Mexican man pleads guilty to brokering sale of surveillance devices, WhatsApp hacking tools
Image: Mark de Jong, The Record
Catalin Cimpanu February 18, 2022

Mexican man pleads guilty to brokering sale of surveillance devices, WhatsApp hacking tools

Mexican man pleads guilty to brokering sale of surveillance devices, WhatsApp hacking tools

A Mexican businessman pleaded guilty this week to operating a company that brokered the sale of spyware and advanced surveillance tools to entities in Mexico and the US.

Through a consortium of US and Mexican companies, Carlos Guerrero sold phone interception, geolocation tracking, signal jammers, WiFi interception tools, IMSI catchers, WhatsApp hacking tools, and hacking services from companies in Italy and Israel.

How Guerrero grew his business

According to court documents, Guerrero’s activity dates back to at least August 2014. At the time, Guerrero and his business partner Daniel Moreno entered into a partnership to broker the sale of an Italian company’s hacking products to Mexican officials via their local company—Elite by Carga.

“After entering this agreement, Defendant and Moreno, through Elite by Carga, earned commissions brokering the sale of Company A‘s interception devices to the Mexican state governments of Baja and Durango. To facilitate the sales, Defendant repeatedly arranged for Elite by Carga employees to transport Company A representatives and devices between San Diego and Mexico.”

Carlos Guerrero guilty plea

These services included geolocation and cell phone interception capabilities, which Guerrero’s company re-sold at prices of around $25,000, according to marketing materials.

US officials said that Guerrero knew that some of the products would be used for political purposes and not just for law enforcement purposes.

“Defendant knew this, in part, because Defendant arranged for the Mayor of a town in the Mexican state of Morelos to gain unauthorized access to the U.S.-based Twitter, Hotmail, and iCloud accounts of a political rival.”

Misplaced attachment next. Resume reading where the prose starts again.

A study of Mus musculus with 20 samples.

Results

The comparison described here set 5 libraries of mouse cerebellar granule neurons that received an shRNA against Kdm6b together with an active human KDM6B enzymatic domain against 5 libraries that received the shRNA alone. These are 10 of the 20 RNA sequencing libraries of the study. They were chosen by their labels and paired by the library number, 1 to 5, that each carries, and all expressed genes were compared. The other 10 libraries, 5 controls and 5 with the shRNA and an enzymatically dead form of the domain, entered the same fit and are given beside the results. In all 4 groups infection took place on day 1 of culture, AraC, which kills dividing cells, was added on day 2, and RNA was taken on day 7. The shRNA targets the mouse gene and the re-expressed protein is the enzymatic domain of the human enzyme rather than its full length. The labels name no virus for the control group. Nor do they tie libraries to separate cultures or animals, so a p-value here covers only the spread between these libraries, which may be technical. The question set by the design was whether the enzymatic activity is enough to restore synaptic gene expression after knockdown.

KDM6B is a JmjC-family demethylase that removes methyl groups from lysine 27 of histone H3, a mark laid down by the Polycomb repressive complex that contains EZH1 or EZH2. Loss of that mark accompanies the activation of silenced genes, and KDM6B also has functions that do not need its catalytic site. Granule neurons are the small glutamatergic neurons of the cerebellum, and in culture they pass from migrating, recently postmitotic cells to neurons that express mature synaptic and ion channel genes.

Carlos Guerrero guilty plea

US officials also said that Guerrero made the mistake of “getting high on his own supply” and used some of the hacking tools himself, in December 2015, when he intercepted the phone calls of a business competitor.

These initial sales helped and also encouraged Guerrero and his partner to expand their business and DOJ investigators said that Elite by Carga expanded its business throughout 2016 and 2017 when they entered partnerships with other spyware vendors.

During that period, officials said that Elite by Carga also began re-selling signal jammers, WiFi interception tools, IMSI catchers, and the ability to hack WhatsApp messages, capabilities he obtained through partnerships with companies from Italy, Israel, and other unspecified countries.

Officials said that these new capabilities led to a new series of hacks orchestrated and brokered by Guerrero’s company.

“For example, in February 2017, one or more Elite by Carga employees agreed to hack the phone and email account of a Florida-based sales representative of a large Mexican business in exchange for an approximately $25,000 payment from the Mexican business.”

Carlos Guerrero guilty plea

Guerrero pleads guilty right away

US authorities questioned Guerrero this month, and the defendant waived his right to an indictment and pleaded guilty right away.

He faces up to five years in prison, a fine of up to $250,000, and up to three years of supervised release on a charge of conspiracy to sell and use hacking tools

“With this guilty plea, we are sending a clear message that companies and individuals who unlawfully violate privacy rights will not be tolerated and they will be held accountable,” said Chad Plantz, Special Agent in Charge for HSI San Diego.

Catalin Cimpanu is a cybersecurity reporter for The Record. He previously worked at ZDNet and Bleeping Computer, where he became a well-known name in the industry for his constant scoops on new vulnerabilities, cyberattacks, and law enforcement actions against hackers.